Spiritual Life, Governance, Culture, Traditions, Resources, Context and Background

Visual representation of nature's laws


"As well as being very physical, their relations are also dialogic and negotiated through conversation. Dialogue between hunters, animals, and other non-human persons is a master trope of northern hunter-fisher oral tradition. Relations between these persons are reciprocal and negotiates rather than authoritarian and monologic … the essential relationship that underlies all others "is between humans (male or female) and animals." Such relationships … provide a "master code" for ritual, economic and oral communications" (Ridington 107).


The Buffalo

Series Coordinator - Dr. Earle Waugh
© 1980 Access

 

"Whether the subject is [animal] adoption or marriage, the stories are poignantly specific on the relationships between humans and their animal spouses, siblings, parents, and in-laws, and, as may be seen, the ties that bind are formed less by thoughts than by feelings. Nevertheless, a broader, more philosophical position can be drawn from the myths – and has been. both by outside observers and by native people themselves. The essential idea is that family ties promote respect" (Bierhorst, The Way 85-86)

"… animals are regarded as persons with whom one must maintain active, positive communication. For while effective, their technology [Chipewyan] was simple, making harmony and reciprocity with a living world – not domination of an inanimate one – the predominant ontological disposition. In the case of the Chipewyan of Great Slave Lake, most animals are regarded as being superior to humans rather than the reverse. After all, as these Dene implicitly ask, who is dependent upon whom? That the animals are superior to humans is evidenced by their lack of need to utilize technology and the fact that they seem ever to excel at being what they are. Though never perfect, the animals seem to be much better at maintaining their moral integrity than are humans" (Smith, World as Event 74).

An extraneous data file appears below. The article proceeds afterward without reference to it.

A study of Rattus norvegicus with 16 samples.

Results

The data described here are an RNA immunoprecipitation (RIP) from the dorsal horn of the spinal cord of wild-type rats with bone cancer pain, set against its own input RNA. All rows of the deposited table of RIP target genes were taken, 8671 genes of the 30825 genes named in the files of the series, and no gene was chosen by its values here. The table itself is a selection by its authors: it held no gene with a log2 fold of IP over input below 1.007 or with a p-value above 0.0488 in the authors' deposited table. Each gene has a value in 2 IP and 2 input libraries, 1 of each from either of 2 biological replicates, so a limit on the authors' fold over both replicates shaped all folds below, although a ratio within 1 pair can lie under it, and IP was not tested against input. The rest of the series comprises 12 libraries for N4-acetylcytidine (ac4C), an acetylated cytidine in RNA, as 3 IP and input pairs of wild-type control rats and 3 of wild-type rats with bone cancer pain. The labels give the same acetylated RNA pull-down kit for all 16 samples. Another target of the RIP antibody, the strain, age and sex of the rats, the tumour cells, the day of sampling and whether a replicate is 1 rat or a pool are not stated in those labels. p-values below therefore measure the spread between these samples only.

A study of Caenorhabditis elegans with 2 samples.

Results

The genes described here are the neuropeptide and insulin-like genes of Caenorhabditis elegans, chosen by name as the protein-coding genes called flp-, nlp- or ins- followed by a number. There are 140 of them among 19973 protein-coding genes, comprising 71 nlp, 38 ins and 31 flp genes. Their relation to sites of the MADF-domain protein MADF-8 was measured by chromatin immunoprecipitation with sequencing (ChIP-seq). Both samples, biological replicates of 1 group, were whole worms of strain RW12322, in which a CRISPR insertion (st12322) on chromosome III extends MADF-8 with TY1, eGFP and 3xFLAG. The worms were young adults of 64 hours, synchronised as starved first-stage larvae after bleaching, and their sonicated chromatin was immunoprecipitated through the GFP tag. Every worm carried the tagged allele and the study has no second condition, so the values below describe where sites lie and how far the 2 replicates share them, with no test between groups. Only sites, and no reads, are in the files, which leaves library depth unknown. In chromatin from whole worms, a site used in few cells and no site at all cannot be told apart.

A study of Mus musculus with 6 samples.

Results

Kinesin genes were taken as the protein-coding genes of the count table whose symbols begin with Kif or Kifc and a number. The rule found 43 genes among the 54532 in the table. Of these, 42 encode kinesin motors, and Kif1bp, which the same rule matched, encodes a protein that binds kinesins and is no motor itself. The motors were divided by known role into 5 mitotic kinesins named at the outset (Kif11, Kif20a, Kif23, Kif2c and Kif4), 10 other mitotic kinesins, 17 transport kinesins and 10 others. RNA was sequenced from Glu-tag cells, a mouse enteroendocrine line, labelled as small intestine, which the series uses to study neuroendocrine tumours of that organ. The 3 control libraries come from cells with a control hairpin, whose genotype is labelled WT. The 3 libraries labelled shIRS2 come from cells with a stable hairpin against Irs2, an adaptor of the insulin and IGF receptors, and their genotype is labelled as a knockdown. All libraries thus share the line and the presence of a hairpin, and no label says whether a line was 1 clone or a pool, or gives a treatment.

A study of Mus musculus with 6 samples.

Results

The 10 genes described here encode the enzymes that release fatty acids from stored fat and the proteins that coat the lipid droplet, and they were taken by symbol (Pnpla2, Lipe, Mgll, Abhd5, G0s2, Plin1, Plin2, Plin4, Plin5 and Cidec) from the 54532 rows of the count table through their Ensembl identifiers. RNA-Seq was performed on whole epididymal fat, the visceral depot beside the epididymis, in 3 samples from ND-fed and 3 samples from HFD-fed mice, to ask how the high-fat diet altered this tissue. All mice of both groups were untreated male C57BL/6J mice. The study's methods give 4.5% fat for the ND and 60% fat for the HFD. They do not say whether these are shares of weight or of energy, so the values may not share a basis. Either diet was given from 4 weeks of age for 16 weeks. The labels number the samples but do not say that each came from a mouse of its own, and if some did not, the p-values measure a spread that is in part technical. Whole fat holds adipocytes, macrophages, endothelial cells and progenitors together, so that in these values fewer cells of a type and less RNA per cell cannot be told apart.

The Animals are Great Teachers
Interviewer - Earle Waugh, PhD.
 

 

"Animals are correspondingly regarded as persons in their own right and are treated accordingly; that is to say, the relationship between the Cree and Ojibwa and the animal-persons they pursue is governed by the same ethical considerations that govern human relationships. Their encounters with animals are framed as encounters with persons, and the interpretations (of those encounters) use as analogues, the commonplace social mechanisms, such as coercion, sexuality and gif exchange to express how those encounters can be transformed into mutually beneficial social relationships" (Driben, Auger, Doob et al. 101).